By naming devout, conservative Catholic U.S. Rep. Paul Ryan to be his running mate, former Gov. Mitt Romney, once a Mormon bishop, did more than ensure the U.S. will have a Catholic vice president in 2013.
He established the first Republican ticket without a Protestant since 1860, when Abraham Lincoln, who belonged to no church, chose Maine Sen. Hannibal Hamlin, a Unitarian, as his running mate, said Mark Silk, professor of religion and public life at Trinity College in Hartford, Conn.
Some Wisconsin Catholics are praying both Catholic vice presidential candidates will have a religious epiphany. They want GOP Rep. Paul Ryan to change his mind and heart about his deep-cuts budget, and Vice President Biden to turn against abortion rights.
Two Franciscans, Rhett Engelking, a layman, and the Rev. Michael Crosby, have launched a website Pray for Paul's Change of Heart with a special rosary prayer to St. Paul -- the most famous of converts who once condemned Christ until he saw the light on the road to Damascus.
While praising the congressman's sincere faith, they say they want Ryan to "reconnect with the compassion for the poor and vulnerable that is rooted in our consciences and articulated by the Catholic Church."
Their press release highlights the U.S. Catholic bishops' stance that the deep budget slashes fail to meet Catholic moral criteria to protect the poor and promote common good.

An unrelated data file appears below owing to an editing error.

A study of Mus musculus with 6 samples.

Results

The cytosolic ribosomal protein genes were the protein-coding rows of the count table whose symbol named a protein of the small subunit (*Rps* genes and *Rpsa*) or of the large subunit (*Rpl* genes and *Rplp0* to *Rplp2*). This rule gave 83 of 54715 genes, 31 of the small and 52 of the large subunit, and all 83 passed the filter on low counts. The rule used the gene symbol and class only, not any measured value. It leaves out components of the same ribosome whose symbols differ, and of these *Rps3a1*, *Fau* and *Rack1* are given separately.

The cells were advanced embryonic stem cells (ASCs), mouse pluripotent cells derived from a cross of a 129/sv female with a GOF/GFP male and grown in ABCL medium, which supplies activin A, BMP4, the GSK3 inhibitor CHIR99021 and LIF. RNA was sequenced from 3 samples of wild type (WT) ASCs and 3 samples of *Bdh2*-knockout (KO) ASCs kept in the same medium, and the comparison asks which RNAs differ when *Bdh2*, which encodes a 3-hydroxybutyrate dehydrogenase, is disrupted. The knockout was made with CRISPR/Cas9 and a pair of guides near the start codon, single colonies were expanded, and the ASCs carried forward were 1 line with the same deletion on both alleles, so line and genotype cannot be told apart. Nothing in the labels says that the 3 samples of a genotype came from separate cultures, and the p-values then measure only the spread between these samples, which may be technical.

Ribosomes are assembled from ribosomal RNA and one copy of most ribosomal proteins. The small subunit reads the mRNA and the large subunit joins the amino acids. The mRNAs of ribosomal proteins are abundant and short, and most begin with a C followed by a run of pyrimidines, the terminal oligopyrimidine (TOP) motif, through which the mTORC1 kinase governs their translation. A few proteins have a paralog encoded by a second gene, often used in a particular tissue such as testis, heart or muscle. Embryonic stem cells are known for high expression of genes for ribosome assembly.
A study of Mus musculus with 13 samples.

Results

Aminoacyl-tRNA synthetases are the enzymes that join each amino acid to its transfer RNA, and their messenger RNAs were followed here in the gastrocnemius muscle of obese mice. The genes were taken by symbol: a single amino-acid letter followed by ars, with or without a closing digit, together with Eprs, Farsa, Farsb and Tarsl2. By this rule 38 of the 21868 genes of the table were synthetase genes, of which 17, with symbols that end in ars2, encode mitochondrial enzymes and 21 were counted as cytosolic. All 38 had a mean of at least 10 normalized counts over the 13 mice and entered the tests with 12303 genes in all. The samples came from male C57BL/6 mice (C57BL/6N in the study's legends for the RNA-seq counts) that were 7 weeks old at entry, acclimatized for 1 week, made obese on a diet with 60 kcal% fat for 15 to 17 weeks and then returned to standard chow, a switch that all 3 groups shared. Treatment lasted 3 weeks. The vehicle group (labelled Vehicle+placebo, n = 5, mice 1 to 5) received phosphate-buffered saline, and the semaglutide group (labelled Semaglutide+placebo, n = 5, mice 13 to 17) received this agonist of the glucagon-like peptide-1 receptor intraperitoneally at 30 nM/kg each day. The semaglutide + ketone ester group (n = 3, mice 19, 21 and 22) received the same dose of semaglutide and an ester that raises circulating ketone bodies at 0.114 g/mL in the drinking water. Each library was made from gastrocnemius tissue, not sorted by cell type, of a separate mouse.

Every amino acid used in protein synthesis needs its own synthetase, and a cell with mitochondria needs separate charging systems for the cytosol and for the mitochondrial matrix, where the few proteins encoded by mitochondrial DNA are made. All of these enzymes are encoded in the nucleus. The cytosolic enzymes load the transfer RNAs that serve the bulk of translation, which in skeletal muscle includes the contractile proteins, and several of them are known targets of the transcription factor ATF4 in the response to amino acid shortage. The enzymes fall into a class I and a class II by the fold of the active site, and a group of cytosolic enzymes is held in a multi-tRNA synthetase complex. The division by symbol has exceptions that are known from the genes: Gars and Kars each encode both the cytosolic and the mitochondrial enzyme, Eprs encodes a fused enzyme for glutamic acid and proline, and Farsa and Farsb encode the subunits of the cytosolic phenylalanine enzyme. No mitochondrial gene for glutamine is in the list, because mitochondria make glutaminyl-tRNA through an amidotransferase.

Unbelief is on the uptick. People who check "None" for their religious affiliation are now nearly one in five Americans (19 percent), the highest ever documented, according to the Pew Center for the People and the Press.
The rapid rise of Nones -- including atheists, agnostics and those who say they believe "nothing in particular" -- defies the usually glacial rate of change in spiritual identity.
Barry Kosmin, co-author of three American Religious Identification Surveys, theorizes why None has become the "default category." He says, "Young people are resistant to the authority of institutional religion, older people are turned off by the politicization of religion, and people are simply less into theology than ever before."
Kosmin's surveys were the first to brand the Nones in 1990 when they were 6 percent of U.S. adults. By the 2008 survey, Nones were up to 15 percent. By 2010, another survey, the biannual General Social Survey, bumped the number to 18 percent.
Bruce Boling was set to celebrate Easter Sunday among Southern Baptists, just as he did when he prayed at a tiny Kentucky church where his family filled half the pews.
After decades away from faith, "I slowly began to see what I was missing was the relationship with God that I could find in my church," said Boling, 45, who has settled in with a little Baptist congregation in Hendersonville, Tenn.